Yiddish was at one time the international language of Ashkenazic Jews from Central and Eastern Europe and their descendants. A hybrid of Hebrew and medieval German, Yiddish takes about three-quarters of its vocabulary from German, but borrows word liberally from Hebrew and many other languages from the many lands where Ashkenazic Jews have lived.
It is generally believed that Yiddish became a language of its own some time between 900 and 100 C.E. Yiddish was primarily a spoken language rather than a written language.
It has a grammatical structure all its own and is written in an alphabet based on Hebrew characters. Scholars and universities have classified Yiddish as a Germanic language.
Yiddish was never part of Sephardic Jewish culture - the culture of the Jews of Spain, Portugal, the Balkans, North Africa and the Middle East. They had their own international language known as Ladino or Judesmo, which is a hybrid of medieval Spanish and Hebrew much in the same way that Yiddish combines German and Hebrew.
At its height, less than a century ago, Yiddish was understood by an estimated 11 million of the world’s 18 million Jews, and many of them spoke Yiddish as their primary language. But Yiddish has fallen on hard times, a victim of both assimilation and murder. Today, less than a quarter of a million people in the United States speak Yiddish, about half of them in New York.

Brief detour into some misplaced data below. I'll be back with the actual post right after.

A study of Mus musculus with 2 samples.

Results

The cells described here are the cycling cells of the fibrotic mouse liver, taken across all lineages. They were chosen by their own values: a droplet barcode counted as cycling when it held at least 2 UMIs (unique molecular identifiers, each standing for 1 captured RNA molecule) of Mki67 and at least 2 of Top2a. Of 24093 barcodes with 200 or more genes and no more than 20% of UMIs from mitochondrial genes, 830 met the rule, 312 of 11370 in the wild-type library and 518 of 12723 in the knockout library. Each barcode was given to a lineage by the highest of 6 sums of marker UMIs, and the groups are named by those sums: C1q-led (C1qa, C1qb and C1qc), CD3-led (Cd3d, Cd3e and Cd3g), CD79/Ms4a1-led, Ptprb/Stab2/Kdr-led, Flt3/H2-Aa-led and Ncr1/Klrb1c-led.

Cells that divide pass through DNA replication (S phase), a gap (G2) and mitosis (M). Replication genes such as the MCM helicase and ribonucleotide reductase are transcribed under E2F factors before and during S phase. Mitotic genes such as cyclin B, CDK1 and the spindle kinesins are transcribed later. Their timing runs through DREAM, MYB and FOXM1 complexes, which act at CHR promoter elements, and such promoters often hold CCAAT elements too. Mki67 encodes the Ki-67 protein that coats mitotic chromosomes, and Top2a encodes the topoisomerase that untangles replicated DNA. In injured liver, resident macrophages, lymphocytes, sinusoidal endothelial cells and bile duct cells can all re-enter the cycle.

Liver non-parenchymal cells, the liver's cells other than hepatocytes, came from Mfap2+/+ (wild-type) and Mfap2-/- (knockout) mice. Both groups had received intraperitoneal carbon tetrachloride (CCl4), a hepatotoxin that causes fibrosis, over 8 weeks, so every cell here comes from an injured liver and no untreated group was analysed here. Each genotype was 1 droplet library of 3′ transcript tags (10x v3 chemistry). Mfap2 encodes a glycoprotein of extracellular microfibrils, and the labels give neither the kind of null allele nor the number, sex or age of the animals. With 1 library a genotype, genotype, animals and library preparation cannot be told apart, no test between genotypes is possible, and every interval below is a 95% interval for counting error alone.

Yiddish is referred to as “mame loshn”, which mean “mother tongue”. Mame loshn was the language of women and children, to be contrasted with loshn koydesh, the holy tongue of Hebrew that was studied only by men.
The word “Yiddish” is the Yiddish word for “Jewish”, so it is technically correct to refer to the Yiddish language as “Jewish”.